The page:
The young man says he was protecting his mum and family from his abusive dad, the Crown says it was murder.

The trial of the accused, whose identity is suppressed, began nearly a month ago in the High Court at Auckland.


Today, the jury and Justice Ailsa Duffy are listening to closing submissions from Crown prosecutor Gareth Kayes and defence counsel Denise Wallwork.

The father was compared earlier in the trial to the Once Were Warriors character Jake "the Muss" Heke.

Several suppression orders prevent the Herald from revealing explicit details about the killing, which occurred in South Auckland last year.

The father died on the deck of the son's home.

Earlier in the night the father had seriously assaulted his wife, punching her several times to the face and kicking her.

Attempting to seek refuge, she took one of her young children and fled to her son's home. The father followed.

He banged on the doors and abused the family from outside the home, with doors locked and curtains drawn.

The police were called but before they arrived the son attempted to confront his father.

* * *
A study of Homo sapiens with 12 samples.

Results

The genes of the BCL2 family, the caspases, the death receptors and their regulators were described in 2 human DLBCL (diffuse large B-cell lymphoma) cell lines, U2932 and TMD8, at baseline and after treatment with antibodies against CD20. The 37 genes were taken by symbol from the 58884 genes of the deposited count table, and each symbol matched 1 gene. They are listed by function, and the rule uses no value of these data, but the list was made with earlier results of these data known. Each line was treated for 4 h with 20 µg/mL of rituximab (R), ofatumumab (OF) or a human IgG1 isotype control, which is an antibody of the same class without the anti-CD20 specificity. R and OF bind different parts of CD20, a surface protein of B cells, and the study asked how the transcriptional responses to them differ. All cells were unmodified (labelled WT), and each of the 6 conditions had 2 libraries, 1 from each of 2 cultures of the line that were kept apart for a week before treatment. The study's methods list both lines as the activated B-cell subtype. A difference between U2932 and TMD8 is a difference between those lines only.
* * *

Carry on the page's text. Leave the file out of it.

A violent minute later the father was found lying on the deck, stabbed six times, and bleeding.

"That's why I grabbed the knife, because if I go out there [with nothing] he's going to give me a big hiding," the accused explained in his police interview.

"Seeing my mum, I knew what he was going to do to me he would do to her, that's why I grabbed the knife."

Kayes asked the jury today: "Was what he did in defence of himself or another?

"Are you sure that the force that he used was not reasonable?"

Wallwork reread parts of the defendant's statement to police in an attempt to show his state of mind after the stabbing.

"I didn't mean to do it," the young man said. "I hope he doesn't die – he's a bastard, but I love my dad."

The burden is on the Crown to prove the son wasn't acting in self-defence and also must prove that the force used was not reasonable, Kayes explained.

"What [was] the risk, as far as the defendant knew, when his father came at him on the deck?

"The evidence just simply doesn't support that he was fearing for his life that night, or that anyone else did."

Kayes said the father made "no real effort" to come inside the home, as evident from the lack of any damage to the windows and doors.

"You may think if [the father] really wanted to get inside the house, he's the sort of the man that would've done so.

"When you strip away all the emotion, the sympathy and the prejudice, it's just a simple fact," Kayes said.

"Murder is still murder, even if it is impulsive, unplanned and instantly regrettable."